19 Jan 2021 | Ear cropping
How do we bridge the gap between human and animal representation in advertising?
With the launch of our good practice guidance for the responsible use of pet animals in advertising, Charlotte's thoughts have turned to whether considerations of animal health and welfare in advertising are keeping pace with responsible representations of their human counterparts.
Historically, there are many examples of adverts featuring human behaviours that would be considered unhealthy or dangerous by modern standards. Some famous examples of ‘shocking’, smoking related adverts can be easily be found with a quick online search.
Fortunately, our knowledge of human health and the risks associated with lifestyle choices such as smoking and drinking alcohol has moved on and in turn, campaign pressure and legislation have resulted in a re-evaluation of how these habits are portrayed in the media. Smoking for example, is often absent as an activity in modern, family films and virtually banned from advertising campaigns here in the UK.
The removal of unhealthy human habits such as smoking from mainstream media is a welcome factor in the evolution of healthier social norms. But can the same be said for depictions of animal health and welfare in advertising?
Healthy habits or bad habits?
The Animal Welfare Acts 2006 set out that animals have five welfare needs:
- The need for a suitable environment
- The need for a suitable diet
- The need to exhibit normal behavioural patterns
- The need to be housed with or apart from other animals
- The need to be protected from pain, suffering, injury and disease
When we think about it in these terms, it seems that animal health and welfare savvy advertising has not yet caught up with the progress of health-conscious depictions of humans in advertising. As BVA has highlighted in its #BreedtoBreathe campaign, in many popular ads on television, print and online, the five welfare needs of animals do not often seen to be met. One example is this 2015 Coach ad fashion campaign where a French bull dog (owned by Lady Gaga) is dressed up with pearls and a handbag.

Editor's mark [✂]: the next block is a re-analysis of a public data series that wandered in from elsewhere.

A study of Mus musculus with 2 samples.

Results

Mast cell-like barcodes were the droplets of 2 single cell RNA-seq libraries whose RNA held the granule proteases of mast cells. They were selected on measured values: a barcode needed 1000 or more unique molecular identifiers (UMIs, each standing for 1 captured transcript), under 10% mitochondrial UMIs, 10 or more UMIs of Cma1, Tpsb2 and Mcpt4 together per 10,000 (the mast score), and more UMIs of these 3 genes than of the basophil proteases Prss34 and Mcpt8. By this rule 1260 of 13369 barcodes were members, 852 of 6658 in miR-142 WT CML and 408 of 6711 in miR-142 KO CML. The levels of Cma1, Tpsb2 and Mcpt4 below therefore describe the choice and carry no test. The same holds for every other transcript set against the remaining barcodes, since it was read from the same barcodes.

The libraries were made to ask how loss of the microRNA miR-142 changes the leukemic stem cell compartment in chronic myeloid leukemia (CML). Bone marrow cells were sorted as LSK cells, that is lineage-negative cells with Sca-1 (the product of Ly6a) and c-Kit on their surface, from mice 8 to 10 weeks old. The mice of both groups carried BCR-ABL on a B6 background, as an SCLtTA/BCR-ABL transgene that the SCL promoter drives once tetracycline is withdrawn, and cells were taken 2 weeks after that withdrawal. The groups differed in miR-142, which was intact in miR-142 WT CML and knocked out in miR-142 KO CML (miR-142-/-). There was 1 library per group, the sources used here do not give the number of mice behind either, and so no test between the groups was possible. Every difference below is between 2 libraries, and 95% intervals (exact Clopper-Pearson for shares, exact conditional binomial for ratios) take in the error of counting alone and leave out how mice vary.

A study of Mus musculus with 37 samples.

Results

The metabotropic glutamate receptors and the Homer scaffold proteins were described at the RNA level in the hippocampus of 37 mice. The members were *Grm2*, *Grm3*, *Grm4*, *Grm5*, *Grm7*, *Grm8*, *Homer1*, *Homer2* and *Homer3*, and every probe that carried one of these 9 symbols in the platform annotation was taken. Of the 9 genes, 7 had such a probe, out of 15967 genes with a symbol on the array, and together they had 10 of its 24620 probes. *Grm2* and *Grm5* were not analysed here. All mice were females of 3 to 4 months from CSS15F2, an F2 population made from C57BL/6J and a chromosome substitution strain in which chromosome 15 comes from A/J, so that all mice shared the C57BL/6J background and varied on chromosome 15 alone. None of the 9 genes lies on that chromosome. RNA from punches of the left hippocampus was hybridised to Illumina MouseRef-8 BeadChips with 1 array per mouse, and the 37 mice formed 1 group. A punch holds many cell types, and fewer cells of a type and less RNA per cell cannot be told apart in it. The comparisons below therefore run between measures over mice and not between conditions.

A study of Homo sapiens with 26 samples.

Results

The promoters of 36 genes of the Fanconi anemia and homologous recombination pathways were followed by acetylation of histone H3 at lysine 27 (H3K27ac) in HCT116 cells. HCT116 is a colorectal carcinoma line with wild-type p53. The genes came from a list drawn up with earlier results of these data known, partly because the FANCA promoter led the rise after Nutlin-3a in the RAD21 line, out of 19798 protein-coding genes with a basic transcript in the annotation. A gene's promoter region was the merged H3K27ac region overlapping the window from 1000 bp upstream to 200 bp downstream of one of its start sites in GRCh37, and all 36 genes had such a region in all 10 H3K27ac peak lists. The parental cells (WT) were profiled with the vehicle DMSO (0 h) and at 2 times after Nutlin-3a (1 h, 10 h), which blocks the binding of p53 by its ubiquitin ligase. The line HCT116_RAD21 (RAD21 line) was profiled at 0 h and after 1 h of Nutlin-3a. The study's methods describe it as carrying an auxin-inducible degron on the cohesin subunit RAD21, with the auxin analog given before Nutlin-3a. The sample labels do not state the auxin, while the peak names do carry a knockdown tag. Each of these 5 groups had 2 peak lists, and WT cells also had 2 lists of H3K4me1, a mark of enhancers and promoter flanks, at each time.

Although this may seem like harmless fun on the surface, there is a worry that campaigns such as these will encourage ‘copycat’ behaviour amongst the wider public - normalising health issues linked to breeds with exaggerated features such as brachycephaly and increasing the acceptability of anthropomorphising animals in such a way that could impede their natural behaviours.
The five welfare needs – a framework
If we’re to keep pace with the progress we’ve seen in the depiction of healthy habits amongst humans, we need to think more holistically about how we represent our animals in imagery.
Of course, it’s not possible for every advert to show all welfare needs being met in every situation. However, BVA believes that these welfare needs can be used as a decision-making framework that all advertisers can utilise to ensure that they are representing animals safely, respectfully and responsibly in their imagery.
As well as highlighting common mistakes to avoid, BVA’s good practice guidance encourages advertisers to consider the following questions:
- Is the animal shown in a suitable environment (place to live) for its species and/or breed?
- Is the animal shown eating food or near food that is non-poisonous, proportionate to its breed size and conducive to a nutritionally balanced diet?
- Does the animal shown have enough space and/or appropriate enrichment materials to exhibit normal behaviour?
- Is the animal shown housed with, or apart from, other animals appropriate for its species?
- Does the animal show any physical characteristics that negatively impact on its health and/or cause suffering? This might include bred-in characteristics (extreme conformation) and surgically altered characteristics (such as cropped ears or docked tails).
- Is the animal shown safe? That is, is the animal at risk from injury, pain and stress in the scenario presented?
Harnessing the power of advertising
Knowledge is power and the power of mass media to change behaviours is well documented. Research published by the US Library of Medicine and National Institutes of Health concludes that: ‘[…]mass media campaigns can produce positive changes or prevent negative changes in health-related behaviours across large populations.’
The power and reach of advertising can and should be harnessed to promote positive animal health and welfare. Here at BVA, we are hoping that with the backing of businesses planning to use animals in adverts and promotional imagery, media outlets, our new guidelines can support advertisers in their decision-making and ultimately bridge the gap between the representation of healthy humans and healthy, happy animals in advertising.